If you care about animals, people, and the planet, you’ve likely battled feelings of depression during the Trump presidency. His cruelty, immaturity, lying, law-breaking, and harmful policies invade our daily routines and shock us every day. Every headline makes our heart race, and we feel sick that he remains in office.

We wonder what happened to our fellow Americans that they would elevate such a bad person to a position of power. We thought we shared a common set of values with Republicans and could at least agree that Trump’s sociopathic behavior, sordid past, and lack of experience would disqualify him from office. We wonder how Republicans continue to support someone who is so antithetical to all that is good in our country. We worry they don’t realize they’re being hoodwinked and we worry about the future.

The psychological impact of Trump’s presidency is real and lasting. Many of his actions are unprecedented in modern presidential history. And Trump’s gaslighting is enough to cause anyone to feel like we’re losing control of our democracy. Psychologists have referred to the feelings that result from this presidency as “Trump Anxiety Disorder.” It can lead to increased blood pressure, depression, and chronic health problems. For that reason, it’s important to keep perspective and take care. If you’re tired of feeling sick over Trump’s actions, these friendly reminders may lift your spirits, empower you, give you hope, and effect change.

Trump doesn’t represent the American people. Trump got 62,984,828 votes. About 174 million Americans either voted against him or didn’t vote for him, which is about 73% of the eligible-to-vote American population. Trump’s term ends in a few months. We have an opportunity to replace him with someone who leads with compassion, believes in science, sets an example, and tells the truth. In some countries, dictators stay in power for decades.

So much good happens every day despite Trump’s cruelty and misconduct. Plant-based food companies are breaking new ground, millions of volunteers are impacting lives, and companies are taking steps to save the planet despite Trump’s reckless policies. The world is filled with cruelty and greed, but it’s also filled with kindness, giving, and progress.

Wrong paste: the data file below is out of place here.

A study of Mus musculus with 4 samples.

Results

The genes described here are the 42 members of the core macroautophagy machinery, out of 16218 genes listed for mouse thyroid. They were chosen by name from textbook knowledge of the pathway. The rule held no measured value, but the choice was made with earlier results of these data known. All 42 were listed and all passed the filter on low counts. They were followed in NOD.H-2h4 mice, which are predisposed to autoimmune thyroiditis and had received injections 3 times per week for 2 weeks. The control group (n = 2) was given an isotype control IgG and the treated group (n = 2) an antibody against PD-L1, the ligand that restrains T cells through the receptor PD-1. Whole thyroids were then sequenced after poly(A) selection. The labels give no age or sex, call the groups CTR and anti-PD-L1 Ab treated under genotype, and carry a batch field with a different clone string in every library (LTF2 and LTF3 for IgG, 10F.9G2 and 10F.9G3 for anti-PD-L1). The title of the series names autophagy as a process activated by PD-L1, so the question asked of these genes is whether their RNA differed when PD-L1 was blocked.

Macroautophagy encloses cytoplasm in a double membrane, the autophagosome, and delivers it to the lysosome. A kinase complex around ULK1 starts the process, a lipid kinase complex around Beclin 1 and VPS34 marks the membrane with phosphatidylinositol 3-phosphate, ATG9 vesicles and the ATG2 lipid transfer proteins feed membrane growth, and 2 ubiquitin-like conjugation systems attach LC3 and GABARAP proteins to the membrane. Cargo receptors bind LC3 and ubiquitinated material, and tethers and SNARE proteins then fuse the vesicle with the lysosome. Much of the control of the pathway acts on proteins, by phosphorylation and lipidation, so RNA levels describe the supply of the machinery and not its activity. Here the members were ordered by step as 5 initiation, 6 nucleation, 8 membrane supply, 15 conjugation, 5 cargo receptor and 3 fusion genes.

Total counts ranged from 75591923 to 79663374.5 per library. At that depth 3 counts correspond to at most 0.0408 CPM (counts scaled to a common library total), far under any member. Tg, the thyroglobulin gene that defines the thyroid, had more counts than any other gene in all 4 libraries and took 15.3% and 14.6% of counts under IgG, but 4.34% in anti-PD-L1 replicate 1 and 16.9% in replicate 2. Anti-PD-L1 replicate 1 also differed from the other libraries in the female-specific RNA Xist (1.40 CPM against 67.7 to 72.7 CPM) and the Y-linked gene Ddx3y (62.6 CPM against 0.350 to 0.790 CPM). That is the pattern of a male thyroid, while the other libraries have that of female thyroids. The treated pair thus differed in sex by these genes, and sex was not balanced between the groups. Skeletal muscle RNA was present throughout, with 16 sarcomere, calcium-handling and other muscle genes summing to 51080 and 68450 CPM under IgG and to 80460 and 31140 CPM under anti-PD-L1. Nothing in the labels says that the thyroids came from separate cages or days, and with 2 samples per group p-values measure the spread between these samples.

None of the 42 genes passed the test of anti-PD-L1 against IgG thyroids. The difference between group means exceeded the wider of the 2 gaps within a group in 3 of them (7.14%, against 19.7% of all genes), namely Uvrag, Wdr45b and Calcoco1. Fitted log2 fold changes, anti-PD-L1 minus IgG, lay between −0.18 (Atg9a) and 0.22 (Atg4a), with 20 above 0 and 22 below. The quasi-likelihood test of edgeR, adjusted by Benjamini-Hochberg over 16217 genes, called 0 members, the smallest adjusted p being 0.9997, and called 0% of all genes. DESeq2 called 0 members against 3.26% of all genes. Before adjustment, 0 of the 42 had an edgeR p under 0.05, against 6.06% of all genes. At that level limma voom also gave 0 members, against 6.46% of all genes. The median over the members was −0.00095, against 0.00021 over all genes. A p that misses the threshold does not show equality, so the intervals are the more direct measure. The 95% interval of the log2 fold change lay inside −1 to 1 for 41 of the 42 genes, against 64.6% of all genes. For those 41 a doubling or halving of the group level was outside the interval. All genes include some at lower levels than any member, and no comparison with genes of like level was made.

We’ve been through worse times and persevered. About 150 years ago, Americans fought each other in a war and killed 2% of the American population. That’s the equivalent of more than 6 million people in today’s population.

Trump serves as a valuable non-example for the world. We can learn from him to avoid even worse mistakes in the future. We learn some of our best lessons from non-examples.

Empower yourself. There’s so much we can do to offset the damage of Trump’s presidency. Volunteer for a campaign or a nonprofit, find a job that allows you to advance your interests full-time, register people to vote, or donate to a charity. Every act of kindness makes a difference. It’s also an impactful exercise to call your senators in Congress at (202) 224-3121 to express your thoughts.

Manage your social media exposure. Avoid arguing with people who are unlikely to change their minds. It’s emotionally draining, and it isn’t worth it. There are much better ways to spend your days. Think critically about how you’re using your time on social media.

Surround yourself with positive people who exude resilience, hope, and problem-solving skills. Develop a circle of engaged and informed friends who focus on solutions.

Read and listen to the news from reputable sources. Don’t watch it. Reading news allows us to gather facts, draw conclusions, and take action. Although it may not be entertaining to read about environmental deregulation, it helps us to learn about policy positions so we can become better-informed advocates and voters. Stations like NPR and podcasts are also good sources of information that provide the depth we need to understand issues. Television news is often hyperpartisan and toxic to our emotions.

Promote media literacy. Avoid sharing information from disreputable sites. Russia has it covered.

Unplug. Take time for yourself–go to the gym or take a yoga restore class, take a walk, cook, or spend time with friends. It may give you the energy you need to be more productive.

Recognize that we’ll always have challenges. The issues we care about–climate change, animal welfare, human health and well-being, equality, justice, and so many others–won’t be fully resolved under any administration. But a collective effort of government, business, and individuals can put us on a better trajectory. We should work together to achieve that end.

Consider seeking professional help. Consider the support of a professionally-trained therapist. You may also consider calling the free and confidential National Suicide Prevention Lifeline, a team of professionals who counsel people feeling emotional distress.

Trump is drenched in cruelty. He’s a self-obsessed criminal without a moral compass, so you have every right to feel affected by his actions. But Trump is a mentally-ill sociopath, so trying to rationalize his behavior isn’t a good use of time. Instead, we should focus on doing all we can to offset his policies and impact on the fabric of our country and work to elect leaders who better represent our priorities. The planet needs all hands on deck. Let’s harness our energy for good. Imagine the feeling when the Trump era ends and the country finds its footing again.